From the Adventist Review:
Still under review is La Sierra’s accreditation by the Adventist Accrediting Association, or AAA, associated with the General Conference’s Education Department. AAA is reviewing its endorsement of La Sierra, an approval that is important within the Seventh-day Adventist community and may be linked to church financial aid to the university.
According to the AAA handbook, “Accreditation is concerned principally with the improvement of educational quality in institutions operated by the Seventh-day Adventist church around the world. Accreditation of an institution by AAA signifies that the institution has a purpose appropriate to service the educational needs of those in its constituency and has the resources, programs, and services sufficient to accomplish the institution’s goals.”
“At its October 9, 2013 meeting, the board of the Adventist Accrediting Association will consider the report of the review team that conducted a Focused Visit to La Sierra University from April 16-18, 2013,” Beardsley-Hardy said. “The AAA board will also consider the by-laws that were voted since that site visit, as well as any other significant matters that may occur prior to the AAA board meeting. It will take time to know whether the recently voted by-laws will strengthen accomplishment of mission.”
She added that the La Sierra board has substantial responsibilities in keeping the school faithful to its mission: “The board needs to clearly express the goals, means, and primary constituents served, and as a Seventh-day Adventist institution, explain what makes La Sierra University distinctive from … secular and private universities. The board needs to determine and monitor programs and ensure they are consistent with the mission and purposes of a Seventh-day Adventist university. The board holds administration accountable for carrying out the mission on a day-to-day basis. Ultimately, the faculty are essential partners in accomplishing mission, not only because of the power they hold based on academic freedom, but because learning, and the integration of faith and knowledge in the various disciplines takes place under the direction of the faculty. They need to be fully converted, God-fearing mentors and guides who live out the mission every day,” Beardsley-Hardy said.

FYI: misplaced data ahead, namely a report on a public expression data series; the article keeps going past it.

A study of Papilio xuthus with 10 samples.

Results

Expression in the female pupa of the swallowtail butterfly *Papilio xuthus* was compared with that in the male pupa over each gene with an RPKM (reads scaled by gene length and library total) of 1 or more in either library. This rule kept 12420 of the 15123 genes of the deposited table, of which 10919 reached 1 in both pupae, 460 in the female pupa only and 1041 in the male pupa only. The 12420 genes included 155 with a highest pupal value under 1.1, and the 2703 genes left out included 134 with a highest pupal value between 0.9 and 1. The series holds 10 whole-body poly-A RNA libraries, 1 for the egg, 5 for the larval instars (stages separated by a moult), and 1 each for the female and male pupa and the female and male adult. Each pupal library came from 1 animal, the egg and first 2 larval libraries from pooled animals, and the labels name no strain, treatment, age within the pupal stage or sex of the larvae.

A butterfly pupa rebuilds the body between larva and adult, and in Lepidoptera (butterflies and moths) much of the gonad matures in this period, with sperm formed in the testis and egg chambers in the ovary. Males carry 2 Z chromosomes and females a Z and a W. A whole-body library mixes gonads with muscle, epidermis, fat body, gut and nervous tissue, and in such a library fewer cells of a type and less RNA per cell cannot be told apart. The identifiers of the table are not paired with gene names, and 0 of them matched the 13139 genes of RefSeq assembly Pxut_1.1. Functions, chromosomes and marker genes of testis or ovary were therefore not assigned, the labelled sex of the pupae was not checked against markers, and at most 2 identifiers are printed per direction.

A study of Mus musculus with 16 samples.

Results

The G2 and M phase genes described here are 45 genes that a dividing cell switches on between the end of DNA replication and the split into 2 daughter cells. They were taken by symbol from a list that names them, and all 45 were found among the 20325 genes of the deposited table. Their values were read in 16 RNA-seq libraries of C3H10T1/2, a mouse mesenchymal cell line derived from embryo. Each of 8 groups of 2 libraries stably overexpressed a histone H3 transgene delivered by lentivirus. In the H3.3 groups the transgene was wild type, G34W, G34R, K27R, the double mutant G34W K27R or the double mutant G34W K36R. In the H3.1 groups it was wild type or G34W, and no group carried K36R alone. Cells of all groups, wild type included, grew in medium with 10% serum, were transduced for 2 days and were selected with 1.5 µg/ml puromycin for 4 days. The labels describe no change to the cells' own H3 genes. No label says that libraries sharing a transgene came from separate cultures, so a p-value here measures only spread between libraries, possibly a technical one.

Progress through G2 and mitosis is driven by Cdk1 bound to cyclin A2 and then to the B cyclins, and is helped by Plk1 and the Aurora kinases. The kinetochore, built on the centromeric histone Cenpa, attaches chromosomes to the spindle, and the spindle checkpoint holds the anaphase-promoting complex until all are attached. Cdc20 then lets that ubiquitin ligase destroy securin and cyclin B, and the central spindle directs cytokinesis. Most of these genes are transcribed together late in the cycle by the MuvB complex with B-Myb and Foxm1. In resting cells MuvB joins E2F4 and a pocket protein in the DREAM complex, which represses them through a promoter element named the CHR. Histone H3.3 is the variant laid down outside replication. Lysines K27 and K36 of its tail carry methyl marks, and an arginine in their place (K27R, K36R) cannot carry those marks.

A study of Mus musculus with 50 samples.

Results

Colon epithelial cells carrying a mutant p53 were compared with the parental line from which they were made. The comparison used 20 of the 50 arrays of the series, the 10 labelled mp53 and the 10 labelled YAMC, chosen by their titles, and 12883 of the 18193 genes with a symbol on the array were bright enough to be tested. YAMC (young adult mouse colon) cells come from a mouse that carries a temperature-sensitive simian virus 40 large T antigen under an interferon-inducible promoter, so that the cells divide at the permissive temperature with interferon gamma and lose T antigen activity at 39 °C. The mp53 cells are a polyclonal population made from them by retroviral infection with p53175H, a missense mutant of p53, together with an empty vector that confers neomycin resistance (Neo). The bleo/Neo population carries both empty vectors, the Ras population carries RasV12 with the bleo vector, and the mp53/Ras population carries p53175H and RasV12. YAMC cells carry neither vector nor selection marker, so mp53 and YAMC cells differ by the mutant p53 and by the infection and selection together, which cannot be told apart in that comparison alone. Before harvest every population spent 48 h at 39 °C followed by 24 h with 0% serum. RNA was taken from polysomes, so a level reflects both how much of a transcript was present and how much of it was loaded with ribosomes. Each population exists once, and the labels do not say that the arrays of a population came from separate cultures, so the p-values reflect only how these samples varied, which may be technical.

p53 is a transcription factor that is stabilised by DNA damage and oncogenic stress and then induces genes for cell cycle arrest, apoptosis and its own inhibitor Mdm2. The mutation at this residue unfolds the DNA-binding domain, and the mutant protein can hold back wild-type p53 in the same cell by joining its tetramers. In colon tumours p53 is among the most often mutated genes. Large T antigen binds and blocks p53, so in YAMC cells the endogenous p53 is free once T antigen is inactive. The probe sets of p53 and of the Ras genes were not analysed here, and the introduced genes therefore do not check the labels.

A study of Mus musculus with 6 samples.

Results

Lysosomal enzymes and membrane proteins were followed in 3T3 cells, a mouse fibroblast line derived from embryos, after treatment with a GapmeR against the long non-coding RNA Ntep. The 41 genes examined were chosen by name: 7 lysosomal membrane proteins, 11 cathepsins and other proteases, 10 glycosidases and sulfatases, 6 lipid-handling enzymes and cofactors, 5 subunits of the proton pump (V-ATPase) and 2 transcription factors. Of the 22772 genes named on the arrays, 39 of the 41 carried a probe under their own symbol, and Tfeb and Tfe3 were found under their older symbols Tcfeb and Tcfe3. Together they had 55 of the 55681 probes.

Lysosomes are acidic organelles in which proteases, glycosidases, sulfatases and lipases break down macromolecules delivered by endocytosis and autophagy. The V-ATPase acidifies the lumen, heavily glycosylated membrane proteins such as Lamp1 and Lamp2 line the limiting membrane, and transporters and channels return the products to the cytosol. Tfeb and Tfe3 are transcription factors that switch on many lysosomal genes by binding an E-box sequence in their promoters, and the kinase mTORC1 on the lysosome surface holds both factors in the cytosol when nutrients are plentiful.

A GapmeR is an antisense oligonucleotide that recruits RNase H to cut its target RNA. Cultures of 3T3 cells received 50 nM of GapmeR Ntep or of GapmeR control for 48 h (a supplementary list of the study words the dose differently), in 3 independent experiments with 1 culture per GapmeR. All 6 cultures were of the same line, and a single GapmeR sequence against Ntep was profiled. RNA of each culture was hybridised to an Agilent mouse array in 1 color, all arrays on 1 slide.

I for one find it hard to imagine how the AAA could approve accreditation or funding for a school that continues to maintain and hire professors of science and religion who strongly oppose, with essentially no opposition or challenge, the Seventh-day Adventist position on a literal 7-day creation week – who actively teach their students that the best and most rational “scientific” view of origins is the neo-Darwinian view where life has existed and evolved on this planet over the course of many hundreds of millions of years. These same professors tell their students that there is no real empirical evidence to challenge this story or support the Biblical perspective on origins and that if they want to hear the Church’s position, they need to go to the religion department (also run by professors who do not believe in the literal 7-day creation week).
How can such an institution continue to bear the name “Seventh-day Adventist”? If this is not a clear example of false advertising, I don’t know what is? If our church is willing to sell out its fundamental principles because of pressure from an agency like WASC, then we, as an organized denomination, are in real trouble.